Due to all the circumstances, my husband has suggested two cows instead of one. I had thought, start with one and get used to it all.
How long does it take to do everything you have to do with a cow? And how much more with two cows? I just think that two would be a much more major undertaking, in terms of time (taking care of all that milk ), space (dealing with so much more milk, etc), and I still have children to teach, etc.
There are lots of people around here interested in the milk. The Latin Americans were asking about getting some so they could make fresh cheese.
Last Edit: Sept 29, 2012 12:30:28 GMT -5 by barnydhppy
Well, probably getting one cow with the thought of another as soon as you hit your stride is a good idea. On the other hand, I love having my 2 cows, but I did have a 6-month interval between getting the first and the second.
Is your husband willing to help you? What about getting one that is in milk and one that is dried off for calving soon? That would give you a couple of month adjustment period. Or if there are 2 cows both bred, have the farm dry off the one that is due the soonest and it would still be the same situation.
Shalali (rhymes with ukulele)- Farmer Sally Josephine Wilder ~ The Wonder Cow (mid-sized Mini-Jersey) American Guinea Hogs, Keeper of Bees in Top-Bar hives, Chickens, Barn cats, House cats, Guard dog, House dog, Husband & 2 Boys
Well, I was thinking that if we got one that was due soon, that owuld be good, but he likes to keep those. He only seems to sell (at least at a price we can handle ) cows that are not producing well. That's the other thing--if we get them at the same time, and if they're both bred, they'll both be being dried off at the same time.
But hauling them costs a few hundred dollars because we live so far away from any dairy farms--that's why it came up in the first place. I imagine that if a cow drops in production further along, then it might be because of mastitis.
Mastitis is a bacterial thing. Cows lower production....some just naturally do it, and others keep going and going like that energizer bunny.
Each cow is unique (like us!!) and you can do the same for #1 cow, and maybe doesn't work for cow#2.
My cow keeps producing--and turns all her feed into milk. (Not good when you are trying to get her to gain wieght!!) Other cows taper off and eventually dry themselves off.
It's a 'live an learn' situation. You can get 2 cows right away, but to keep your sanity, I'd make sure they didn't calve close together. This way if one has problems, you have the other one as a 'back up'; and you won't feel literally like you are drowning in milk!! Janene
Occasional steer for the freezer
Dogs, cats, chickens, etc!
*~*Proud Mother of 2 Military Sons*~*
A Grandma now, too!
the cows probable would not be due at the same time , see if you could get them 2 to 3 months bred a part if they have any that way you dry of one and when she is due you dry off the other. But I do agree with starting with one and after you get your routine down then get the other cow,It takes me 1 1/2 hr to do all my chores except fill tanks then I add 1/2 hr and I milk 1 cow and 4 goats with a machine, but I have a total of 8 horses,7 goats 3 pigs 2 cows outside cats 1 dog and 3 pens of chickens to feed I usually do waters at night because I only milk in the morning that will change tho when I wean Babe the calf. Suzanne
2 children Steven and Leila permitted 006 RCM Dairy Paprika 3/4 Jersey 1/4 Highland/Angus/Herford 2018 heifer Cookie 3/4 jersey 1/4 Hereford 2017 JC a Jersey or cross heifer Emmy a Galiceno pony Tonta the rescue Mustang pony some goats and the ever changing bottle calves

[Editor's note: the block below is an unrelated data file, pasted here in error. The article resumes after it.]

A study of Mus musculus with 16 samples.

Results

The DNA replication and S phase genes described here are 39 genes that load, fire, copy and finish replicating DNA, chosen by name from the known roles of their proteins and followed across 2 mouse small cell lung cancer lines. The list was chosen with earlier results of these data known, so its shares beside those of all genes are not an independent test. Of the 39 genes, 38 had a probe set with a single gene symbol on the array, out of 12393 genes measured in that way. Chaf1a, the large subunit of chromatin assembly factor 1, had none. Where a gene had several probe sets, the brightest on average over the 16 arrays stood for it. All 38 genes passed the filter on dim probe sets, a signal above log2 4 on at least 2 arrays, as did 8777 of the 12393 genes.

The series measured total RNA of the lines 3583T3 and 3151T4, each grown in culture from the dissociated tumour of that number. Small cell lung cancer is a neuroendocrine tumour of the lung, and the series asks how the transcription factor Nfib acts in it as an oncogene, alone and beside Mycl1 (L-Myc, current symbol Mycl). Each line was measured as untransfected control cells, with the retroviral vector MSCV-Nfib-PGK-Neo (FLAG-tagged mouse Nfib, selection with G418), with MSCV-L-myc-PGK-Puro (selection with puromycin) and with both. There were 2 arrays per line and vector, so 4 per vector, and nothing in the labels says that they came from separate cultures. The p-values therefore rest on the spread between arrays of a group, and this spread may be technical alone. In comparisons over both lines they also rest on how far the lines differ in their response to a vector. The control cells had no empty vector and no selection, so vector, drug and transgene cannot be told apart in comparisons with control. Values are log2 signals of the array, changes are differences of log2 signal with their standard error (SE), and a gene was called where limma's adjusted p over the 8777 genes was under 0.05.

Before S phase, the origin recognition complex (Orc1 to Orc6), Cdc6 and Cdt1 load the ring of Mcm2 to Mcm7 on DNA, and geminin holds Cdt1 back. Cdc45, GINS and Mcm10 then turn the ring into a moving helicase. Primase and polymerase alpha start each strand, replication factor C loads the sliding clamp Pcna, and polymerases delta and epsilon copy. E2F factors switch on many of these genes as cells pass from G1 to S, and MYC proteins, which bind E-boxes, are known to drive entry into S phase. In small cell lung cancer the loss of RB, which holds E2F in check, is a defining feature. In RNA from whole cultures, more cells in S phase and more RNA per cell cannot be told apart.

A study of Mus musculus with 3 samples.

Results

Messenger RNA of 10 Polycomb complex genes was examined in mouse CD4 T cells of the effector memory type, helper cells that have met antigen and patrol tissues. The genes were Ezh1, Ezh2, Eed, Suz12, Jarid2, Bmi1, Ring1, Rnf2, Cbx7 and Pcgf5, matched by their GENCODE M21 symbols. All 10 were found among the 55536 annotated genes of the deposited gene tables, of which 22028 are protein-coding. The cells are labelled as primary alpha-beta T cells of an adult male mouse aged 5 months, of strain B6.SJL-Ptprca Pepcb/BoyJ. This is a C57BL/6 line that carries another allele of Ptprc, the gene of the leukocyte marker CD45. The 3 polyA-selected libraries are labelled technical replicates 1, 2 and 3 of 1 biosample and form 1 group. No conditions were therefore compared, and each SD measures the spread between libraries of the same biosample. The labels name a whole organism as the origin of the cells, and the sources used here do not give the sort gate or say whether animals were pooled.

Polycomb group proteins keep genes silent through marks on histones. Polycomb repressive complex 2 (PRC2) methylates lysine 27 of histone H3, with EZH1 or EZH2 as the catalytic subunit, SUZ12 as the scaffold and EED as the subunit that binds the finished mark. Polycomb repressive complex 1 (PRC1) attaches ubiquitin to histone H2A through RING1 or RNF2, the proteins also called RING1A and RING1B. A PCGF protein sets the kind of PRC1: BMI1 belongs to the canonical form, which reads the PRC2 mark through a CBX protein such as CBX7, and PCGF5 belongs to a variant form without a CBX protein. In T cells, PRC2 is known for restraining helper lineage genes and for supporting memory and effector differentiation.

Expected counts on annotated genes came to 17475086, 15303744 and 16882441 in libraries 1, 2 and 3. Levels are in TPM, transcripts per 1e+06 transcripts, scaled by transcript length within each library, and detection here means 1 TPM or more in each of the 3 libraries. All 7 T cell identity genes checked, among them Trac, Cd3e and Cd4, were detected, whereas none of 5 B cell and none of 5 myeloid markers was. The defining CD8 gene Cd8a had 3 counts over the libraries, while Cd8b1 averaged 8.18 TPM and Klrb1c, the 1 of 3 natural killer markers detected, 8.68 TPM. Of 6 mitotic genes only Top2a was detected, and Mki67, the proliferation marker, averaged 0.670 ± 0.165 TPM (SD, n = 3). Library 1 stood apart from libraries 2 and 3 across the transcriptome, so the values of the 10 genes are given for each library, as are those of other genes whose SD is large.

Being that I was brand new to cows in May, I feel I can freshly remember being a beginner and advise you against getting 2 cows that are both needing to be milked twice a day. One cow will shock you enough!!! I have lost nearly 15 lbs ( which is a blessed thing for me!) since we have had her...its only been 2 and half months. Its soooo much work. I love it. And we will be adding a second hopefully by next spring, but even though we have a routine down, my system is still adjusting! I always tired at night, its a good tired though, but unfortunately its also good birthcontrol, when as soon as you hit the pillow you dose off!!!!
My vote is to advise you to wait for 2 cows. But if your very high energy, and your hubby will help, and your ambitious then hey, try it!!!!
You must be homeschooling? I am nervous for September to come, I homeschool 3 children, I hope I will get it together a little more with the cow before then!
As far as the demand for raw milk, when you look at it from that angle, then yes get both cows! Theres so much to consider! We waited until 1 week ago to "advertise" our cow share program. All we did was send out 1 email, that had a link to our farm website, we sent this to about 100 homeschooling familes, and out of that I have about 12-13 shares of her sold, which is half the cow! So there is a major demand. This alone makes me want to go against all good judgement and get a 2nd cow before winter...but that would likely kill me and my kids might not educated!
Daisy the cow Cooter the bull calf 5 horses 1 pony 2 mini donkeys 2 chocolate labs 1 english bull dog puppy 11 barn cats
Thanks so much for all your responses Given everything everyone has said, I think I will wait for the second cow. Actually, since the cows he wants to sell are a higher price, if he has one for a lower price later one, it will just about cover the additional transportation (Gosh, I am so slow on the uptake!!!!!) I am not quite that high-energy, and my husband will be (apparently) travelling, so unable to help that much.
Also, I just have this vision of a kitchen (mine), cluttered with over-flowing milk jars, and this crazy woman (me) wandering around trying to figure out what to do with it all and feeling very overwhelmed!
Thanks very much for helping me sort this all out!!!!!